I Will Always Remember
Deafening roars, and earth shattering explosions echo through the air, pulsing. All around me the screams of my fellow comrades pierce through the deafening thunder of war. Something explodes just to my left, instinctively sending me rolling away, coating my body in the thick sludge of debris and mud littering the battleground. Rising from a crouch, I look up to survey the area. Explosions rock the earth beneath my feet, and trenches run lines throughout the field. Despair, and depression hang thickly in the air as this war, seeming so pointless now, lives to wreak havoc yet another long day. Then as if in slow motion, a small black orb rolls to a stop at my feet. The slow tick tick screams loudly in comparison to the now muffled battle field. With wide eyes I turn to run.
Barely suppressing a scream, I sit bolt upright, breathing laboured and heavy. Frantically I look around, kicking off the sweat drenched sheets, and trying desperately to make out my attacker in the dark. Slapping the night stand I find my glasses and slip them on, seeing my surroundings with calming clarity. I am home. I am lying in my bed, my wife soundly sleeping beside me, with the moon shining brightly in the cold night air outside. It was just a nightmare. Though it is a nightmare that I have had every single night since the day I was discharged, nearly sixty years ago, it was especially bad tonight however.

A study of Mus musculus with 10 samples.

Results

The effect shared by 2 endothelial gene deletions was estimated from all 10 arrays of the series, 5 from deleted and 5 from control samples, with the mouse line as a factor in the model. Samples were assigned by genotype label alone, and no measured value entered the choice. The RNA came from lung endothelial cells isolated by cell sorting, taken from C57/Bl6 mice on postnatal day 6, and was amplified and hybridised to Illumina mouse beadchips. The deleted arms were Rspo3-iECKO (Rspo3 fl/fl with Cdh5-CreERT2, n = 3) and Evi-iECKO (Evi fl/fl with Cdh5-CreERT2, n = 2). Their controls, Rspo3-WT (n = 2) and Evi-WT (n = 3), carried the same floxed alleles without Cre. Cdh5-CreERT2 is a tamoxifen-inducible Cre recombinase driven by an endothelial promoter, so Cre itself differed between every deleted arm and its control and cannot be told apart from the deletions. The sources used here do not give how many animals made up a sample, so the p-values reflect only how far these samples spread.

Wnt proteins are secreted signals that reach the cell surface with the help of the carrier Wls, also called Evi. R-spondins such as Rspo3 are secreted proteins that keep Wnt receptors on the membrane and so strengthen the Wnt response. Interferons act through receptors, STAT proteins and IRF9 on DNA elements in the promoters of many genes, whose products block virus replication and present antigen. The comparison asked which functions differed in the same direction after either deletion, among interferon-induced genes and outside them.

There are somethings in life that you never forget. Sometimes things do not just “go away with time.” Not a day goes by that l do not remember the four years I spent in that long war, in which so many, too many of my friends did not return home from. Even the ones that did were never the same, I suppose I was not either. Despite how much I hate it, how much I loathe it, the time I spent away in Europe has shaped my life severely, and I remember that now as the click and scrape of my prosthetic leg rings throughout the room.
As quietly as I possibly can I make my way to the sliding glass doors on the other side of the room, slipping through onto the snow covered porch. Breathing in the crisp November air, and looking at the cloudless sky calms, brings me back to reality. I know that my nightmare was not real, but at the same time, it was. Those same screams had rung my ears before, and that same black orb had rolled to my feet, only it was nearly six decades ago, but to me it was happening all over again.
Quietly, so that I do not hear, a warm shape comes and presses into my side, wrapping a comforting arm around my waist. Leaning into that touch helps me to remember that I am home, that I am safe, and most importantly, that I’m not alone.